The Emperor of Dreams

The Emperor of Dreams is a collection of American fantasy author and poet Clark Ashton Smith's short tales arranged in chronological order. It was published by Gollancz in 2002 as the 26th volume of their Fantasy Masterworks series. The collection contains stories from Smith's major story cycles of Averoigne, Hyperborea, Poseidonis, and Zothique. Most of the stories originally appeared in the magazines The Fantasy Fan, Weird Tales, Overland Monthly, Strange Tales of Mystery and Terror, The Magic Carpet/Oriental Stories, The Auburn Journal, Stirring Science Stories, The Arkham Sampler, Saturn and Fantastic Universe.

The Emperor of Dreams
Emperor of dreams
Cover of the first edition
AuthorClark Ashton Smith
Cover artistJeffrey K. Potter
CountryUnited Kingdom
LanguageEnglish
GenreFantasy, horror, science fiction
PublisherGollancz
Publication date
2002
Media typePrint (paperback)
Pages580
ISBN0-575-07373-X
OCLC59497793

Contents

  • "On Fantasy"
  • "Song of the Necromancer"
  • "The Abominations of Yondo"
  • "The Ninth Skeleton"
  • "The Last Incantation"
  • "A Rendezvous in Averoigne"
  • "The Return of the Sorcerer"
  • "The Tale of Satampra Zeiros"
  • "The Door to Saturn"
  • "The Gorgon"
  • "The Weird of Avoosl Wuthoqquan"
  • "The Nameless Offspring"
  • "The Empire of the Necromancers"
  • "The Hunters from Beyond"
  • "The Isle of the Torturers"
  • "The Beast of Averoigne"
  • "Genius Loci"
  • "Ubbo-Sathla"
  • "The Kiss of Zoraida"
  • "The Seed from the Sepulcher"
  • "The Weaver in the Vault"
  • "The Ghoul"
  • "The Charnel God"
  • "The Death of Malygris"
  • "The Tomb-Spawn"
  • "The Seven Geases"
  • "Xeethra"
  • "The Dark Eidolon"
  • "The Flower-Women"
  • "The Treader of the Dust"
  • "The Black Abbot of Puthuum"
  • "Necromancy in Naat"
  • "The Death of Ilalotha"
  • "The Garden of Adompha"
  • "Mother of Toads"
  • "The Double Shadow"
  • "The Coming of the White Worm"
  • "The Root of Ampoi"
  • "Morthylla"
  • "An Offering to the Moon"
  • "The Theft of Thirty-Nine Girdles"
  • "Symposium of the Gorgon"
  • "Told in the Desert"
  • "Prince Alcouz and the Magician"
  • "A Good Embalmer"
  • "The Mortuary "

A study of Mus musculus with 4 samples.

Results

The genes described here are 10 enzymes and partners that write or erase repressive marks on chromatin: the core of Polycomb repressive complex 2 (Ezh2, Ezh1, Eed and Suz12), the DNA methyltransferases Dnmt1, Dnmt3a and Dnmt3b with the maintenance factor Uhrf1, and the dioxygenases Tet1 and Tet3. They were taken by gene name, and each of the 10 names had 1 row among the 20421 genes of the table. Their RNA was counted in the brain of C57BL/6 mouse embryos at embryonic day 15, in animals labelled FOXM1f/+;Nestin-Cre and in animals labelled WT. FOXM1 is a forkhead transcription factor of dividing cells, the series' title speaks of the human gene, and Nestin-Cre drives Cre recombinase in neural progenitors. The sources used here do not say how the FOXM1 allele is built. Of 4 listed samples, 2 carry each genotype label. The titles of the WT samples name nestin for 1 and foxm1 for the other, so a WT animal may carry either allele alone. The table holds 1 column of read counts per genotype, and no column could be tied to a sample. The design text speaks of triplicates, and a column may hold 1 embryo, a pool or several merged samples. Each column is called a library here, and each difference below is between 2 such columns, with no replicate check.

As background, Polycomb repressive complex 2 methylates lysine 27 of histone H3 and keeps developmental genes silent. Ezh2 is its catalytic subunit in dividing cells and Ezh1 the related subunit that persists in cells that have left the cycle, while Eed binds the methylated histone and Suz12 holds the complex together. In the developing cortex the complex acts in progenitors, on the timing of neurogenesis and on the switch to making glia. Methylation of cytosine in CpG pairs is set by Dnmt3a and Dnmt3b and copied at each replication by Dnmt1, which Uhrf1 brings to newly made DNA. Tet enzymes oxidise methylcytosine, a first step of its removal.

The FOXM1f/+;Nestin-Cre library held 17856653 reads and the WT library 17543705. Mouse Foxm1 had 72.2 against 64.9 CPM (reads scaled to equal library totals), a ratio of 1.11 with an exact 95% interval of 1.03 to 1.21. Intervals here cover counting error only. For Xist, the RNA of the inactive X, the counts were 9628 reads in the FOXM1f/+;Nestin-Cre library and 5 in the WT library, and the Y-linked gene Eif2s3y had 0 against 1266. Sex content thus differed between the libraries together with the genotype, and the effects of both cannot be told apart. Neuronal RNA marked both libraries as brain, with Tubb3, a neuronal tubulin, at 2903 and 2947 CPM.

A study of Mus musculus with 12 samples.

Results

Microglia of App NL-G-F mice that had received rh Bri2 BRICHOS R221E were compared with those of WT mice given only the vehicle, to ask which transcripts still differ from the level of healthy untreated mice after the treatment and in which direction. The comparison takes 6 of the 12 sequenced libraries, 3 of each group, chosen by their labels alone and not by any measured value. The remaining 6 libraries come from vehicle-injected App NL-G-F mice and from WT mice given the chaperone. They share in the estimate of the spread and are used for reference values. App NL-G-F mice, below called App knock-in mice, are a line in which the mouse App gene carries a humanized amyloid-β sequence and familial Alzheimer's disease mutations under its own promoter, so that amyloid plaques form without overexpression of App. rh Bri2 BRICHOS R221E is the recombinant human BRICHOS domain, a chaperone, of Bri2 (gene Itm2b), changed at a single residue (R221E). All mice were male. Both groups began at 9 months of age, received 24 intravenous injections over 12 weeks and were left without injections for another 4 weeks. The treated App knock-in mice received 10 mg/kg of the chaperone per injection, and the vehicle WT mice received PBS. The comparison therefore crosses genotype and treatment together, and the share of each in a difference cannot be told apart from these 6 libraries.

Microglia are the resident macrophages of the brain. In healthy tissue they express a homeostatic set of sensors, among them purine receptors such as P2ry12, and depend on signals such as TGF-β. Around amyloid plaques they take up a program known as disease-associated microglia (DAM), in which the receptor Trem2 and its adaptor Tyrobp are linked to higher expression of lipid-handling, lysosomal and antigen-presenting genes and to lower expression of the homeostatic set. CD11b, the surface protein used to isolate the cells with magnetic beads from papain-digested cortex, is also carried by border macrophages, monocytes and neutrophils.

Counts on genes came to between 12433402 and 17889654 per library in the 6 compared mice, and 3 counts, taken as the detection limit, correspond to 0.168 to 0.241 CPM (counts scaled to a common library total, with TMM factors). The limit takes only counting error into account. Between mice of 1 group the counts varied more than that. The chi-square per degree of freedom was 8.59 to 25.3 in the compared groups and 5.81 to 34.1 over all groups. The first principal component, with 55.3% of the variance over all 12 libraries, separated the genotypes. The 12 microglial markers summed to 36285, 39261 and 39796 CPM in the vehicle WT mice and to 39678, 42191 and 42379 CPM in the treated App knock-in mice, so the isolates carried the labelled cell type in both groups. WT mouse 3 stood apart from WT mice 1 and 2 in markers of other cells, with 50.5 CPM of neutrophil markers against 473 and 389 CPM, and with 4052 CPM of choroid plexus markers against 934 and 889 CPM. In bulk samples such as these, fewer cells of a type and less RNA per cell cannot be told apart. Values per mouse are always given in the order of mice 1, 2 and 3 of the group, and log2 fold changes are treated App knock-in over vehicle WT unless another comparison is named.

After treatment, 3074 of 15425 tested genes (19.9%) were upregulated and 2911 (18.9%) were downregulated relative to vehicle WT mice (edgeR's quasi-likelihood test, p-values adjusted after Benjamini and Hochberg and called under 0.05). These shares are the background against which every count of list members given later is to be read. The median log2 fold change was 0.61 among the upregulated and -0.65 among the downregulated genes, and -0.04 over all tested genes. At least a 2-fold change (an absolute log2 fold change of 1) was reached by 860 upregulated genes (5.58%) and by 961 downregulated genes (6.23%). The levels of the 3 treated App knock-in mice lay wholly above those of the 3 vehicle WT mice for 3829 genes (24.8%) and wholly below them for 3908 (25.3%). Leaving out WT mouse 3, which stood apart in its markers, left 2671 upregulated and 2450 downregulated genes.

• Afterword: The Lost Worlds of Klarkash-Ton, by Stephen Jones

Sources

Donald Sidney-Fryer

Donald Sidney-Fryer (born September 8, 1934) is a poet and entertainer principally influenced by Edmund Spenser and Clark Ashton Smith.

Born and raised in the Atlantic coastal community of New Bedford, Massachusetts, he enlisted in the United States Marine Corps in October 1953. While in the Marines, he first became enamored of "imaginative literature" and began to compile A Checklist of the Ballet Scores of Cesare Pugni, eventually published in 1961 as Vol. VIII of Enciclopedia dello Spettacolo. Following his honorable discharge at the rank of sergeant in August 1956, he moved to California, where he enrolled at the University of California, Los Angeles; during this period, he engaged in the concomitant study of classical ballet, working under David Lichine and Tatiana Riaboushinska for a year. In 1958 and 1959, he visited Smith's home in Monterey, California; during these two excursions, Smith introduced him to the oeuvre of George Sterling. After graduating from UCLA in January 1961 with a B.A. in French and the death of Smith in August of that year, Sidney-Freyer commenced work on the poetry that would eventually comprise Songs and Sonnets Atlantean (1971) and The Emperor of Dreams (1976), a bibliography of Smith completed in 1965. From 1965 to 1971, he edited three volumes of Smith's work for Arkham House, a task he would reprise for Pocket Books a decade later.

In 1969, he married Gloria Kathleen Braly, and started giving dramatic readings shortly thereafter at universities and other institutions, almost always incorporating material by Smith and Spenser. His poetry has continued to appear in a variety of weird fiction and speculative poetry-oriented journals.

Sidney-Fryer's verse is marked by a strong imagination, and a Francophilic focus. He is a strong believer in "pure poetry," and practices formalist verse, having developing his own specific poetic form: the Spenserian stanza-sonnet.

He remains a prolific historian of 19th century ballet, and is an expert on the ballet theatre of the romantic era.

Fantasy Masterworks

Fantasy Masterworks is a series of British paperbacks intended to comprise "some of the greatest, most original, and most influential fantasy ever written", and claimed by its publisher Millennium (an imprint of Victor Gollancz) to be "the books which, along with Tolkien, Peake and others, shaped modern fantasy."It has a companion series in the SF Masterworks line. A separate Future Classics line has also started featuring eight science fiction novels from the last few decades.

The books were numbered only through No. 50; in the 2013 reboot of the series the books are unnumbered, have a uniform look, and feature introductions by well-known writers and critics.